When Hurricane Michael slammed into the Florida Panhandle on Wednesday, it devastated small coastal towns and cut off electricity for hundreds of thousands of people.
It was the strongest storm ever to hit the Panhandle.
Some cities like Mexico Beach and Port St. Joe were completely cut off -- unable to be reached by vehicles -- for hours after the Category 4 storm hit. They and other Northwest Florida cities like Panama City were flooded by storm surge and rain and saw Michael toss boats ashore, snap thick trees in half and stack cars together like toys.
Michael’s devastating 155-mph winds left nothing unscathed.
CBS reported early Thursday that more than 650,000 homes and businesses in the Southeast have no electricity. Hurricane Michael, now a tropical storm hitting the Carolinas, is also being blamed for two deaths -- an 11-year-old girl in George and a Florida Panhandle man.
The coastal tourist town -- population 1,000 -- took a direct hit from Hurricane Michael. CBS reported that the storm flattened everything in its path and brought storm surges of up to eight feet. Rainfall also topped five inches, submerging some homes and ripping apart others.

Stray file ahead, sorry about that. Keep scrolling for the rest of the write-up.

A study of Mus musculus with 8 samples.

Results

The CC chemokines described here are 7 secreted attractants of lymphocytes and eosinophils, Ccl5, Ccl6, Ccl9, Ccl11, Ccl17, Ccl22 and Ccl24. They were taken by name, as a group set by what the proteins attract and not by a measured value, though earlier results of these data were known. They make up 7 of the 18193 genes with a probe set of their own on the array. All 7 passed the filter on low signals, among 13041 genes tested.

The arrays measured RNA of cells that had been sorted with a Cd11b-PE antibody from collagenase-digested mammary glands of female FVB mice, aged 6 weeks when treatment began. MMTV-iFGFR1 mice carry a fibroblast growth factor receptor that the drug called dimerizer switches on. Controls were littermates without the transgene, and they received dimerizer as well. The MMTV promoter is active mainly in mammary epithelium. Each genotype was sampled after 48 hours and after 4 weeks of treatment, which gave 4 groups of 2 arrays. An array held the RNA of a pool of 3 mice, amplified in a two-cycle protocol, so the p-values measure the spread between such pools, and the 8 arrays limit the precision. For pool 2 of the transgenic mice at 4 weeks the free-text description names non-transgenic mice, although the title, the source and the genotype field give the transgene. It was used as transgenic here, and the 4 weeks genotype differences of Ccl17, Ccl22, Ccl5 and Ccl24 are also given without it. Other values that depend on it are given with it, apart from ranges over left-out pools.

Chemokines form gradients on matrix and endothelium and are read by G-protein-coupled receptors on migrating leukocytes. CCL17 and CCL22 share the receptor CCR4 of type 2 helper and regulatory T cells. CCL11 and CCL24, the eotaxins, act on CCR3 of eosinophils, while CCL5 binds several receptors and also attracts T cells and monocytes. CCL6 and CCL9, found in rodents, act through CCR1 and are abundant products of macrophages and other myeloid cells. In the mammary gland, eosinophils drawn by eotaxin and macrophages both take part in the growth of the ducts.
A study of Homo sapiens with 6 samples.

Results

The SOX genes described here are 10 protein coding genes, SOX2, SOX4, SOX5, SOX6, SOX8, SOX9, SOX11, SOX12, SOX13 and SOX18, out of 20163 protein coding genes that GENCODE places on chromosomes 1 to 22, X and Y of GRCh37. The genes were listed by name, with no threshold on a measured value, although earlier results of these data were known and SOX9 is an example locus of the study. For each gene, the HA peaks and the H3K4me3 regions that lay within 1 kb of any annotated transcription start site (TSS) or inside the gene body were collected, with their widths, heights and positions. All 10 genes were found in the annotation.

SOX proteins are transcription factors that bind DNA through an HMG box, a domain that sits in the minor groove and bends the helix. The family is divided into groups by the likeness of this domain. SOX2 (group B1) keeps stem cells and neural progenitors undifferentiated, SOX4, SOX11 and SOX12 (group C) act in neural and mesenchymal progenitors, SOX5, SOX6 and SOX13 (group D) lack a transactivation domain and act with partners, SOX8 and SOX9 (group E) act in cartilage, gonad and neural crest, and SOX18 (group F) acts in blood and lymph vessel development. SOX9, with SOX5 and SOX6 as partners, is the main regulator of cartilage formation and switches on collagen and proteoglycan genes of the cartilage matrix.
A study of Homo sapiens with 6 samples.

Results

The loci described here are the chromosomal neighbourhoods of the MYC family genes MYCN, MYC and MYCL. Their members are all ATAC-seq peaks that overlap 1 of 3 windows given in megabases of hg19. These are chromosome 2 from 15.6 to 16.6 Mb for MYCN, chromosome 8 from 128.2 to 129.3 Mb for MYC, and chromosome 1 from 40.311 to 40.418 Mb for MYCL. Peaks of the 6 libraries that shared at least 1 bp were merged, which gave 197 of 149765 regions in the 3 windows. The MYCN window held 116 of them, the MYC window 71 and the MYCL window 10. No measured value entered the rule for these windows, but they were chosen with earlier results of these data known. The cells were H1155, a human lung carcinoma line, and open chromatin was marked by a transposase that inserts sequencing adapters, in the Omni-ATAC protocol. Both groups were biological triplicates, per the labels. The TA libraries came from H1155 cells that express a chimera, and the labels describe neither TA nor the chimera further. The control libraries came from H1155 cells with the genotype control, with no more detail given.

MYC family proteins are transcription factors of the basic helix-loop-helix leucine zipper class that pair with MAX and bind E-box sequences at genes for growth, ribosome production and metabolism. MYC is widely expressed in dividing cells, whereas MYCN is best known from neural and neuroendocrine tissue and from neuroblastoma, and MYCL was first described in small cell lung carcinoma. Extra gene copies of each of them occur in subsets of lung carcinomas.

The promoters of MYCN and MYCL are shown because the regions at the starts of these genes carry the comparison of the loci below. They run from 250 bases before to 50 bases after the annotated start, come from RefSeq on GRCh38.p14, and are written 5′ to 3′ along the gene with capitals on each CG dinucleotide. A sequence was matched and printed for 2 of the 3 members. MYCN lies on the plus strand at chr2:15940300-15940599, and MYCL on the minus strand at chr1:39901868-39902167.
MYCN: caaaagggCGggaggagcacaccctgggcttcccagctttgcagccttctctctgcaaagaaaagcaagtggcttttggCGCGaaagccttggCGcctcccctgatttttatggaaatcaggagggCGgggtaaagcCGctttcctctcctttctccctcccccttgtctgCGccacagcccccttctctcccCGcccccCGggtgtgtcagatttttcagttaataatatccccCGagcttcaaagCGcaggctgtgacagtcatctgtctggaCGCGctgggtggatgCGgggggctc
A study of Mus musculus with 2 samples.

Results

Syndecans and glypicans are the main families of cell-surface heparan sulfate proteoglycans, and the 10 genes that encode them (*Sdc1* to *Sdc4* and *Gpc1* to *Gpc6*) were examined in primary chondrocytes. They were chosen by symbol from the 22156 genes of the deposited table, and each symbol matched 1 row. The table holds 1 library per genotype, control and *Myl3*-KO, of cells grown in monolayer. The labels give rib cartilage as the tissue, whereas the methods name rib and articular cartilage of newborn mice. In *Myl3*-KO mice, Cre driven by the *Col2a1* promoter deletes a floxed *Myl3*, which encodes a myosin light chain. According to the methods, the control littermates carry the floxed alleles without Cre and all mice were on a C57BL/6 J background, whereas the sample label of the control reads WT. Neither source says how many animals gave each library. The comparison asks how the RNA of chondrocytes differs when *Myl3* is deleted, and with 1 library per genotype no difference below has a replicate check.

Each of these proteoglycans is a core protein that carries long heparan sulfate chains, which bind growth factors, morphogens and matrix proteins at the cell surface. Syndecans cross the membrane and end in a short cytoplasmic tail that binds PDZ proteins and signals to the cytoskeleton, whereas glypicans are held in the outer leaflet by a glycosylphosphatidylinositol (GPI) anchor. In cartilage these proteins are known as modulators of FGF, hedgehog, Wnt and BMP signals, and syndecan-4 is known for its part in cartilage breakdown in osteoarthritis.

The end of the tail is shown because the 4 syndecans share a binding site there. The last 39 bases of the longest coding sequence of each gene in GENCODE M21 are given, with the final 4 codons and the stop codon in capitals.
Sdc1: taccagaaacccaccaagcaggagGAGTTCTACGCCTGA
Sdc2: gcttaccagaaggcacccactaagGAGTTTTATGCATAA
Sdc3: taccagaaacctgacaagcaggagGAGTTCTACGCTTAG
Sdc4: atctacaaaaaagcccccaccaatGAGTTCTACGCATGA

The National Hurricane Center said Michael even intensified as it was making landfall with hurricane-force winds extending outward up to 45 miles from the storm’s eye.
Panama City Beach
CBS Evening News anchor Jeff Glor was in Panama City Beach when Michael pummeled the region for nearly an hour. He reported the sound of the storm was like a jetliner at takeoff. When Michael hit Panhandle cities, it was just two mph short of being a Category 5 storm. CBS reported that gusts may have been higher, but the wind gauges broke.
At Jinks Middle School, Hurricane Michael winds peeled the roof off a middle school building like the top of a soup can. The damage was so severe, a storm chaser flew a drone through the damage.
Port St. Joe
Dramatic video from Port St. Joe, south of Mexico Beach, shows two storm chasers abandoning their vehicle to find shelter as 100-mph wind gusts and pounding rain made it impossible for them to drive.
The Florida Highway Patrol closed an 80-mile stretch of Interstate 10 near Tallahassee to clear debris scattered by Michael. CBS reported a spokesperson said the road was closed “due to extremely hazardous conditions.”
The spokesperson said the road is closed between mile marker 85 near DeFuniak Springs and mile marker 166 near Lake Seminole.
Several videos and photos sent to 10News show trees around Tallahassee being uprooted and toppling on buildings.
A Tallahassee couple didn’t let Hurricane Michael get in the way of their wedding, however. The two were supposed to get married at the courthouse Wednesday afternoon but moved the ceremony to the Jacksonville Airport before leaving for their honeymoon.